Stakeholders pleased with Parliament’s report
By Sophie Mosca | Wednesday 16 November 2011
The European Parliament’s report on online gambling, adopted on 15 November, was greeted positively on the whole by stakeholders, for different reasons
(see separate article)
For private operators of gambling services, strengthening the availability of legal activity requires common European standards to reduce their administrative burden. Clive Hawkswood of the Remote Gambling Association commented that “the report recommends transparent and non-discriminatory licensing procedures that avoid duplication and useless controls in the EU”. Most of these operators welcome MEPs’ call for the pursuit of infringement cases. Sigrid Ligné of the European Gaming and Betting Association (EGBA) calls on the Commission to “curb further fragmentation of the internal market by consistently declaring protectionist national regimes to be incompatible with EU law”. The Commission should “urgently address the complaints received and the infringement backlog, an area where it has taken no action since 2008”. David Purvis of Stanleybet insists on this point because “many operators see their fundamental rights denied, to the detriment of growth and job creation”.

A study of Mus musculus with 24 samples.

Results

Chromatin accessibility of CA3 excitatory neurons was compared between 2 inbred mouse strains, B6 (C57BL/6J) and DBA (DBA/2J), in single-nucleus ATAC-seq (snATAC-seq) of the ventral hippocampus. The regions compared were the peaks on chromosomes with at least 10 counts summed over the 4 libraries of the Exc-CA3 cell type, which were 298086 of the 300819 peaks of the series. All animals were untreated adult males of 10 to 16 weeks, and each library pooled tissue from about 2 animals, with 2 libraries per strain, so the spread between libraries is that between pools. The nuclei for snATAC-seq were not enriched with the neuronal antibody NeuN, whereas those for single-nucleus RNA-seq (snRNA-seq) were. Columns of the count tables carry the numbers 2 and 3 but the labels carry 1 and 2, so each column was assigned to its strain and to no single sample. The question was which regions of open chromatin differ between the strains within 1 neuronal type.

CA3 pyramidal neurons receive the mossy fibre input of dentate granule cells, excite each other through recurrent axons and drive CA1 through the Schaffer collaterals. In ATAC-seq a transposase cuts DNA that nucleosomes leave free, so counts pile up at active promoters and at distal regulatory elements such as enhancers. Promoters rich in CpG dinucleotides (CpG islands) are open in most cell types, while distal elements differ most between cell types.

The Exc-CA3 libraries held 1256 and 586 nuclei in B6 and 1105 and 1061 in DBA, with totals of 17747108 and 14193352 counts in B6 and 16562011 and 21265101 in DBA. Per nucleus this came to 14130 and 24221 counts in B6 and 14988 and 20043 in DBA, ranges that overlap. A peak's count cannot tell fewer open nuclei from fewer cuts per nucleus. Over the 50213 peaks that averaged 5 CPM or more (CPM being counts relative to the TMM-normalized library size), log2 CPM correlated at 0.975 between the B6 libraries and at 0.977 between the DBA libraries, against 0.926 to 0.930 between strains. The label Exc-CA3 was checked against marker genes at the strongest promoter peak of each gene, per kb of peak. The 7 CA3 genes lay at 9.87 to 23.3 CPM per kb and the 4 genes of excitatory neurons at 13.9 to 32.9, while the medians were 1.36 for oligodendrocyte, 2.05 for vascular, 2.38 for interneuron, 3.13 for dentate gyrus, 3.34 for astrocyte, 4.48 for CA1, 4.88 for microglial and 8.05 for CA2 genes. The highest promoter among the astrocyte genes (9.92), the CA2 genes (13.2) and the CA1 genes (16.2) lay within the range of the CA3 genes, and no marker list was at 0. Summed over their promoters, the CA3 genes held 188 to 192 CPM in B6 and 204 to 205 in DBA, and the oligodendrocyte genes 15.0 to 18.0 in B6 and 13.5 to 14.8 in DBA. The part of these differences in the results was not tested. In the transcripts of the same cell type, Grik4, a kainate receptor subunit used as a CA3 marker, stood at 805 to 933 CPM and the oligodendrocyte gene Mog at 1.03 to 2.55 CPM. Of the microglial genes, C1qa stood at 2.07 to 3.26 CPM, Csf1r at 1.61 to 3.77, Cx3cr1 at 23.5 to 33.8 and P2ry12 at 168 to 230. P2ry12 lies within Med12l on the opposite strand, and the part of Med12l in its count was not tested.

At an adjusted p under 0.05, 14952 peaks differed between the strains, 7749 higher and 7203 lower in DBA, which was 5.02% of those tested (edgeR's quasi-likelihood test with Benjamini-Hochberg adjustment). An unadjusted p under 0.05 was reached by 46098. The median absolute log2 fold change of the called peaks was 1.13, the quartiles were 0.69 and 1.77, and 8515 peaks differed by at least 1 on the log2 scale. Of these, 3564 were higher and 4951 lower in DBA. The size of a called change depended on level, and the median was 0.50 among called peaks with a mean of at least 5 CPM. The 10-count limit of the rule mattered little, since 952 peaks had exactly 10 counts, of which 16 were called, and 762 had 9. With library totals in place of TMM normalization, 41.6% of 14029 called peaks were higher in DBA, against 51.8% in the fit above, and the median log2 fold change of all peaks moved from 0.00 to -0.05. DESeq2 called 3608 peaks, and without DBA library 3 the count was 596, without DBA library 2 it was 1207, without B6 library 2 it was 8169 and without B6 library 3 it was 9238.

European Lotteries, which represents the monopolies, notes that the report recognises member states’ freedom to choose between total or partial prohibition, a national monopoly or licensing, and that it rejects application of the mutual recognition principle. The organisation’s head, Friedrich Stickler, said he is “pleased with the EP’s demand that online gambling operators who infringe the law of one member state should be deprived of their licence in other member states”.
For Mathieu Moreuil of the Sports Rights Owners’ Coalition (SROC), “it is an important step to obtain recognition of the risks of abuse through online sports betting of events we organise. We applaud the request for the introduction of recognition of binding contractual relations between us and the organisers of sports betting, which will enable us to protect our rights”.
The European Pari-Mutuel Association (EPMA) echoes that view, noting, however, that support for the horse-racing sector “goes beyond protection of integrity or a mere sponsoring initiative”. It regrets that it was not given specific consideration, as in the European Commission’s green paper.
Khalid Ali of the European Sports Security Association (ESSA) points out that “there is no proof of exacerbation of the risk of fraud due to the emergence of the sector of online sports betting, nor of a risk to the integrity of sport”. He prefers to focus the effort in this area on illegal gambling by raising awareness among players with licensed betting operators, which finance the ESSA for this purpose.